Max Planck Institute for Evolutionary Anthropology
Deutscher Platz 6
phone.: +49 (341) 3550 - 0
fax: +49 (341) 3550 - 119
Human Evolution (Hublin)
Evolutionary Genetics (Pääbo)
Developmental and Comparative Psychology (Tomasello)
Comparative Cognitive Anthropology (Haun)
Plant Foods in Hominin Dietary Ecology (Henry)
Detailed Description of the Institute
The Institute unites scientists with various backgrounds (natural sciences and humanities) whose aim is to investigate the history of humankind from an interdisciplinary perspective with the help of comparative analyses of genes, cultures, cognitive abilities, languages and social systems of past and present human populations as well as those of primates closely related to human beings.
Led by Christophe Boesch, the Department of Primatology observes apes in their natural habitats, and investigates issues related to the evolution of social systems and social behavior, cultural differences and reproductive strategies in apes. The scientists are interested in fundamental cognitive processes like communication, cooperation, conflict solving strategies, social learning in apes and humans.
The Department of Developmental and Comparitive Psychology, led by Michael Tomasello, investigates the behaviors and cognitive abilities of four ape species in the Wolfgang Köhler Primate Research Center. In addition to the research with apes, the Psychology Department is interested in the phenomenon of language acquisition in human children. One main issue is the question how children learn and use cultural acquisitions, social conventions, symbols and other cultural phenomena.
The Department of Linguistics, led by Bernard Comrie, investigates human language, its origin and diversity. The scientists are interested in finding out what properties are common to all human languages and the ways in which languages can differ from each other. To this end, various phenomena across a wide range of languages are studied. Among the questions currently studied is the "family tree" of the world's languages, i.e. the extent to which it can be shown that particular languages (a "language family") descend from a single ancestor, and the principles that underlie the establishment of language families.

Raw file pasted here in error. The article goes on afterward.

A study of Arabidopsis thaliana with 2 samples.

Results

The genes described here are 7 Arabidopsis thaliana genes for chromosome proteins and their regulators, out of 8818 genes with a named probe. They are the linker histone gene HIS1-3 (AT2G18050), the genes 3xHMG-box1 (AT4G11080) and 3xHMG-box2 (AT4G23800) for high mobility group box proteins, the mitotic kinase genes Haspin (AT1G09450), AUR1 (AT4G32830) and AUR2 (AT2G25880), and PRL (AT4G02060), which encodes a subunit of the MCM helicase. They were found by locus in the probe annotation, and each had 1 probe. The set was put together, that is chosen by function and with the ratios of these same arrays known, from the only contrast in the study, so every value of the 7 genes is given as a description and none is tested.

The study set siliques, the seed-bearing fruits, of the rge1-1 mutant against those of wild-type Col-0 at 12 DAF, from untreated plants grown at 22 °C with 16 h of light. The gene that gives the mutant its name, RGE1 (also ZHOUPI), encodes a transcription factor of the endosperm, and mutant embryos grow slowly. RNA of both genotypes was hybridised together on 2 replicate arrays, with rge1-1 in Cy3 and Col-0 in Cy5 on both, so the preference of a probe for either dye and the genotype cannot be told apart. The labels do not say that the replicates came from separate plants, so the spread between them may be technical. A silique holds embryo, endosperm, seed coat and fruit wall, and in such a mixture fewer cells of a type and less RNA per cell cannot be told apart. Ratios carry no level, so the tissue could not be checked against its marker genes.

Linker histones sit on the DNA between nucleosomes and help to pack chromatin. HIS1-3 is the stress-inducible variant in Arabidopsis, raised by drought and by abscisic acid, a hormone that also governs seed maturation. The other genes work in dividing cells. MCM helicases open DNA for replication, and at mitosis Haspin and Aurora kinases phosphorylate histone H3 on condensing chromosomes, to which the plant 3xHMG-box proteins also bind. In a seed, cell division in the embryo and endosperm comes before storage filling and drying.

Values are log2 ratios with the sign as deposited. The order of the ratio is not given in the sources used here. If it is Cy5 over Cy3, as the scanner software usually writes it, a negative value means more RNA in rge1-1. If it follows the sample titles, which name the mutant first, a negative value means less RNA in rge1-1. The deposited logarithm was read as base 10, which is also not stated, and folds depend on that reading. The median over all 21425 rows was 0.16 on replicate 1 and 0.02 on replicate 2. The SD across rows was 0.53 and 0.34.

Led by Svante Pääbo, the Department of Evolutionary Genetics studies the genetic history of humans, apes and other organisms. The scientists are interested both in the forces that affect the genome directly, such as mutation and recombination, and in the effects of selection and population history.
The Department of Human Evolution, led by Jean-Jacques Hublin, primarily studies fossil hominids and aims at reconstructing their biology, behavior and cultural evolution. The department is interdisciplinary with three areas represented: Palaeoanthropologists, who study fossil material with a special emphasize on the use of 3D imaging to assess phylogenetic reconstructions, brain development and analysis of the growth processes. Archaeological scientists, who undertake biochemical analyses of fossils to study dietary adaptations and migrations, as well as dating the ages of sites and fossils. And, Palaeolithic archaeologists who study the cultural adaptation of hominids to their environment. The three groups are involved in the development of international field projects.